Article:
Kate Burleigh, managing director at Intel Australia and New Zealand (ANZ), has announced that she is leaving the chip giant after a 20-year stint on June 30, 2017.
Burleigh said the "time seems right" to pursue opportunities outside of Intel.
Burleigh served as the ANZ managing director since 2012 during which she oversaw Intel's transformation from a PC-focused company to one that seeks to power connected computing devices.
In addition to growing the local Intel business, Burleigh is credited for advocating for STEM education in schools and smart government policy on technology during her 20-year tenure.
"Kate brought a new energy and creativity to the Managing Director role in Australia and New Zealand. Under her leadership, Intel's impact extended well beyond our traditional customer base and channels," said Jerry Tsao, VP of Intel's Sales & Marketing Group and GM of Regional Sales for the Asia Pacific and Japan region.
Prior to becoming the ANZ chief, Burleigh spent six years as Intel's marketing and retail sales director, working across the organisation as a PR manager, online marketing manager, and enterprise marketing manager among others.
Given the nature of the sales and marketing industry, where there are typically more females, Burleigh told TechRepublic last year that she never noticed the gender imbalance. It was only when she started putting her hand up for enterprise sales roles that she felt she had to justify her job a little more.
"It wasn't that it was harder, but I had to have that second or third conversation that I really was serious and I seriously wanted it, because were a few question marks over could you really do it, and I could never say it was because I was female, or was it because my skills were [such that] I was identified more strongly as a consumer marketer," she said previously.
Burleigh is also among a number of high-ranking female executives to leave the company in the last couple of years.
Intel's executive ranks have been in a state of flux since mid-2015, when Intel president Renee James exited the company. The chip giant has since replaced many of its top managers including former CFO Stacy Smith and CIO Kim Stevenson, though Smith remains at the company in a different role while Stevenson has been snapped up by Lenovo to lead its datacentre group.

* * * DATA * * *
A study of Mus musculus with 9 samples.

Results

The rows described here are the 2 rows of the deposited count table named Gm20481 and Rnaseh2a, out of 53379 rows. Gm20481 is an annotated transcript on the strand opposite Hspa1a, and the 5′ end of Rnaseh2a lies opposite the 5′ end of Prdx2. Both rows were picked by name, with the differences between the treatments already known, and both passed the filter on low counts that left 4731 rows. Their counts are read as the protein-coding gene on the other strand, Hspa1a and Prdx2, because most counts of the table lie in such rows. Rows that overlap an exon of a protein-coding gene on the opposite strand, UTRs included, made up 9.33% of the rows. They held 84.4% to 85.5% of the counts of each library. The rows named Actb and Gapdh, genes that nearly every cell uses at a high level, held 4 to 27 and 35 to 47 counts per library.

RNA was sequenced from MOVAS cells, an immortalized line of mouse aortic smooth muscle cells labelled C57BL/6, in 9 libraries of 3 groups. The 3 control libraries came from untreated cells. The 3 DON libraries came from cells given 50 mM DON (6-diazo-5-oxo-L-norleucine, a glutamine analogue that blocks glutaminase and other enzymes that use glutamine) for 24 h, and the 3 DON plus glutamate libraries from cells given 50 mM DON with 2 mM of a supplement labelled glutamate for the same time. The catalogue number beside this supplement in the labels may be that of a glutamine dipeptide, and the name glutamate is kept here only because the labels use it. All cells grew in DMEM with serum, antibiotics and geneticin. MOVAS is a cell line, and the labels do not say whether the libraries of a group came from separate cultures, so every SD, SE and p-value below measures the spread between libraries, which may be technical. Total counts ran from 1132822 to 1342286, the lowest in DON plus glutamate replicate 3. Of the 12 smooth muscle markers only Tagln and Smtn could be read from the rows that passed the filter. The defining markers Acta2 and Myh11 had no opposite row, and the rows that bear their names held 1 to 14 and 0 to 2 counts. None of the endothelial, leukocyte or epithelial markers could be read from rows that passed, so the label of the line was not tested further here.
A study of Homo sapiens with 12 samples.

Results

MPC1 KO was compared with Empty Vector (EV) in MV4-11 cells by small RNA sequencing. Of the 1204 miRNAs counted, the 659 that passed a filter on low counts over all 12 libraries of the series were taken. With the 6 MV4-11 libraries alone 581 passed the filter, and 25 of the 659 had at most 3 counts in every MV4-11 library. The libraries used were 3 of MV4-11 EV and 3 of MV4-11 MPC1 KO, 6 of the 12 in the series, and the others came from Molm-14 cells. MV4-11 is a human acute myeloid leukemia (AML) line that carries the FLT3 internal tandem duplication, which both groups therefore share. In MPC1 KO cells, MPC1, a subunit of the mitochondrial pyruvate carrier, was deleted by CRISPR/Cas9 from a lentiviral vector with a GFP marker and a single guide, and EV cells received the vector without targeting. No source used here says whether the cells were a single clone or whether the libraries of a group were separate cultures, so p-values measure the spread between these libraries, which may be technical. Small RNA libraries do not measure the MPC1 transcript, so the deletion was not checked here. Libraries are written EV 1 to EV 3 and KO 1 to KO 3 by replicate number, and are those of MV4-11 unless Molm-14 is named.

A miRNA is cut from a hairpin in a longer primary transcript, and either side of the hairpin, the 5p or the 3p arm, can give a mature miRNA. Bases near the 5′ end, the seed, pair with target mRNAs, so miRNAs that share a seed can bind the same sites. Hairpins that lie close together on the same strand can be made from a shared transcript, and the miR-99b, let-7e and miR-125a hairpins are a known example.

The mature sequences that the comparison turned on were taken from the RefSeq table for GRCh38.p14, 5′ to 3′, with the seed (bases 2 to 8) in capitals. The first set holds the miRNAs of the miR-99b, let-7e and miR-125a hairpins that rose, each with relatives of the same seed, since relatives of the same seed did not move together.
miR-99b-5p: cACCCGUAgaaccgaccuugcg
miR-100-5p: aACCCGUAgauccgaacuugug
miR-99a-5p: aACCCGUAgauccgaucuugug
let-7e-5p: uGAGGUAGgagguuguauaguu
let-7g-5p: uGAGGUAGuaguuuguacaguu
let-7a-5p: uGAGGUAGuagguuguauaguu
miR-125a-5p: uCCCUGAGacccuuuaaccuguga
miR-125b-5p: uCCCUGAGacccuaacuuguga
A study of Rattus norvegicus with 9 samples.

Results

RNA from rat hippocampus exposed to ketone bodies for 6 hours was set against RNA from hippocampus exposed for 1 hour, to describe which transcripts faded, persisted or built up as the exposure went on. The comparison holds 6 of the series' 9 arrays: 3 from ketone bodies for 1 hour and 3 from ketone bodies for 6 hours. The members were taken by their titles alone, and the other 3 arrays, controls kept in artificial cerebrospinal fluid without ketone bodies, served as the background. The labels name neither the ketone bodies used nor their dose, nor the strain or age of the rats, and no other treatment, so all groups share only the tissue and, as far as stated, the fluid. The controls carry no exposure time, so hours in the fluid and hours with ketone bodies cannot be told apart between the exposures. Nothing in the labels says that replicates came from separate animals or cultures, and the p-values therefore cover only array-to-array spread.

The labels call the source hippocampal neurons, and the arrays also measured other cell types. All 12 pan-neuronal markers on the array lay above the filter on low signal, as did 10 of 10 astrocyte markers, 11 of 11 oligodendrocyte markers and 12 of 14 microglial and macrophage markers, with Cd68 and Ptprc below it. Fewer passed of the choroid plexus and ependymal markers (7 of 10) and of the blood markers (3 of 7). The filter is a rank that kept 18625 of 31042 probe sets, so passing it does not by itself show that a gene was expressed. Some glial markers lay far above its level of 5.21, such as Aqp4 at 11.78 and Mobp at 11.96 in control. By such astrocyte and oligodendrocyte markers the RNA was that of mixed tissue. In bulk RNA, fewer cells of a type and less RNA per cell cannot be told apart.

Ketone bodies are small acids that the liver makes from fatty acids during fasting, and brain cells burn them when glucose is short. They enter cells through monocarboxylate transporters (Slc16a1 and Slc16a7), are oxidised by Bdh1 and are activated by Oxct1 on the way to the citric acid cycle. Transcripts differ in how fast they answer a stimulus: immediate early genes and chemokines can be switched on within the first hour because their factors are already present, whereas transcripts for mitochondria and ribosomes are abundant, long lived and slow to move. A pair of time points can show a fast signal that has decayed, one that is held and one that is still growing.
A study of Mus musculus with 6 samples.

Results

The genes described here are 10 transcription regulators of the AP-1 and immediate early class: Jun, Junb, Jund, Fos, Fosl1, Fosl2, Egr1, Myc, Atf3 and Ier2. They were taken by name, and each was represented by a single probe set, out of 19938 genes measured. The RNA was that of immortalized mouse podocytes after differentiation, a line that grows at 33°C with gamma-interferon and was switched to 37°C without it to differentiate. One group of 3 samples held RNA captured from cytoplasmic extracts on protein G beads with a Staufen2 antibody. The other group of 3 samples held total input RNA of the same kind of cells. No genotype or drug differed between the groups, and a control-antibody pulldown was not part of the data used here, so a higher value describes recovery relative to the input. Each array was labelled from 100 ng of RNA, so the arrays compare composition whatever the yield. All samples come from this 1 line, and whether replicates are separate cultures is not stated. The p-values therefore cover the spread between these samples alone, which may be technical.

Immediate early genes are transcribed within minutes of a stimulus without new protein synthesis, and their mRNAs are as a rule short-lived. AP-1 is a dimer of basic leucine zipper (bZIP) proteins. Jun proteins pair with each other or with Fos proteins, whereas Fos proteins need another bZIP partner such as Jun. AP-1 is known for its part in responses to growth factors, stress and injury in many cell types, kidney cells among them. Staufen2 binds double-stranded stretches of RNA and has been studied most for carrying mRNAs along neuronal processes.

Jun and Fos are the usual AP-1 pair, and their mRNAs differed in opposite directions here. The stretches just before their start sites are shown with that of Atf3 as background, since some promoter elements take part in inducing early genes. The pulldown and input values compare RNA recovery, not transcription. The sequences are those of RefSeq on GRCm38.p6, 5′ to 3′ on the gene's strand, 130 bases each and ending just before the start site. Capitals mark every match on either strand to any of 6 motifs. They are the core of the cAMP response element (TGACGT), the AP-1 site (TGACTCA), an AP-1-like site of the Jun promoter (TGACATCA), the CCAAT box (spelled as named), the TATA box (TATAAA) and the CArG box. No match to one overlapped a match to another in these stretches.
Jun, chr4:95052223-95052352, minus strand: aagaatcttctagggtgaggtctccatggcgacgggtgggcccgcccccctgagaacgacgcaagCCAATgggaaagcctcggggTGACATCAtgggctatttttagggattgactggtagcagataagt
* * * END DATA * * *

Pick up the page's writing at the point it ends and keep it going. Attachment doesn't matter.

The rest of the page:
Earlier this month, Intel announced that long-time executive Diane Bryant was stepping down from her role as GM of the Data Center Group to tend to a personal family matter. Intel said she would return to the company in a new role.
Intel's 2016 diversity report showed that the chip giant had 26,159 female employees as of December 2016, accounting for 25.8 percent of the company's 86,071 employee population.
18,524 of these women, or 21.5 percent, held technical roles, while 73 or 18.4 percent of women held leadership roles, according to statistics released in December.
Men, in comparison, represented 78.4 percent of technical roles and 81.3 percent of leadership roles.
Intel appears to be aware of the gender disparity in its workforce. It was one of the first companies to make its diversity stats publicly available through its EEO-1 reports filed with the US government.
At the 2015 International Consumer Electronics Show, CEO Brian Krzanich boldly proclaimed on stage that the company would achieve full representation by 2020.
To further demonstrate its commitment to the cause, Intel has also pledged $300 million on initiatives to increase diversity.
The company will, however, need to drastically increase its rate of progression to make full representation a reality in three years.
Updated 6.30 am AEST 30 May 2017: Title and gender error fixed.